Bipartisan Bill Would End College Legacy Admissions

Republican Sen. Todd Young and Democratic Sen. Tim Kaine have introduced a bill to amend the Higher Education Act of 1965 to end legacy admissions.
  • Faith-based institutions would not be affected by the bill.
  • Democrats introduced a bill in early 2022 to end legacy admissions, but the bill has not moved since.

A Republican U.S. senator from Indiana and a Democratic U.S. senator from Virginia are working together to end legacy admissions in college.

Sens. Todd Young, R-Ind., and Tim Kaine, D-Va., at the end of last year introduced the Merit-Based Educational Reforms and Institutional Transparency Act (MERIT Act) to remove legacy admissions in the U.S.

Legacy admissions are college admissions preferences given to relatives of alums and donors of a college. This is the second attempt in the last two years to impact legacy admissions at the national level.

In early 2022, nine Democratic lawmakers introduced the Fair College Admissions for Students Act, which would decline federal aid to institutions giving preference to legacy applicants. The bill has not moved since.

"America is a land of opportunity, not a land of aristocracy," Young said in a press release. "Legacy admissions restrict opportunities for many bright and talented young Americans and provide unmerited advantage to the most connected individuals in our society. Our bill will end legacy preferences in the admissions process and promote upward mobility for Americans of all backgrounds."

The bill amends language from the Higher Education Act of 1965 to remove a potential student's relationship with alums or donors as the "determinative factor." However, the bill ensures that students with demonstrated interest can have equal access regardless of alum or donor affiliation.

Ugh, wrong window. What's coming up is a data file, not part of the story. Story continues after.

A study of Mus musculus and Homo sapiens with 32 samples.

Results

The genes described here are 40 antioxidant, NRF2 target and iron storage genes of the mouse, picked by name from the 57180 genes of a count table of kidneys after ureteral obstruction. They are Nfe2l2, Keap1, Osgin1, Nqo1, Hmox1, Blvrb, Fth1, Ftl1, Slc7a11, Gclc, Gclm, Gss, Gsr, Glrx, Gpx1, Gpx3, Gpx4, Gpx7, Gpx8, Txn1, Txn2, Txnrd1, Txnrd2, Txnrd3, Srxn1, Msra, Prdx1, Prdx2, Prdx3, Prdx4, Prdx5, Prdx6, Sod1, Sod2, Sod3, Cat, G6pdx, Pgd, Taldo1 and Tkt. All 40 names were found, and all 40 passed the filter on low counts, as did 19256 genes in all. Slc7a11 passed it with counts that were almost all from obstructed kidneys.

Faith-based institutions are not affected by the bill.

The bill also would enact a partnership with the National Student Clearinghouse to collect data on the impacts of removing legacy admissions.

"A student's acceptance into a college should not hinge on whether their parents attended that school or donated a large sum of money," Kaine said in the press release.

"This legislation would help bring more fairness to the higher education admissions process, and ensure that first-generation and low-income students are not put at a disadvantage because of their parents' educational histories or incomes."

States, Institutions, and Student Advocates Challenge Legacy Admissions

After the U.S. Supreme Court struck down race-based preferences in college admissions, lawmakers and institutions have turned to legacy admissions to address equity in higher education.

Massachusetts legislators last year introduced a bill that fines public and private Massachusetts colleges for keeping legacy admissions and early decision application programs. Any fines would go to a fund supporting the state's community colleges.

Individual institutions are also increasingly ditching legacy admissions as students say they don't think the practice is fair.

According to a recent BestColleges survey, only 30% of students think legacy admissions practices are fair. Nearly half (46%) of students said legacy admissions may have hurt their chances of getting into their preferred college.

Wesleyan University, Carleton College, and Virginia Tech are among the institutions that have formally announced the end of legacy admissions. Carnegie Mellon University and the University of Pittsburgh's 2022-2023 Common Data Sets indicated for the first time that alum relation is "not considered" in first-time, first-year admissions.

Meanwhile, student advocacy groups are also challenging legacy admissions, with the Chica Project, the African Community Economic Development of New England, and the Greater Boston Latino Network filing a federal civil rights complaint against Harvard University in July.

The lawsuit challenges Harvard's "discriminatory practice of giving preferential treatment in the admissions process to applicants with familial ties to wealthy donors and alumni ('legacy applicants')."

"Harvard's practice of giving a leg-up to the children of wealthy donors and alumni — who have done nothing to deserve it — must end," said Michael Kippins, a litigation fellow at Lawyers for Civil Rights, in a statement. "This preferential treatment overwhelmingly goes to white applicants and harms efforts to diversify."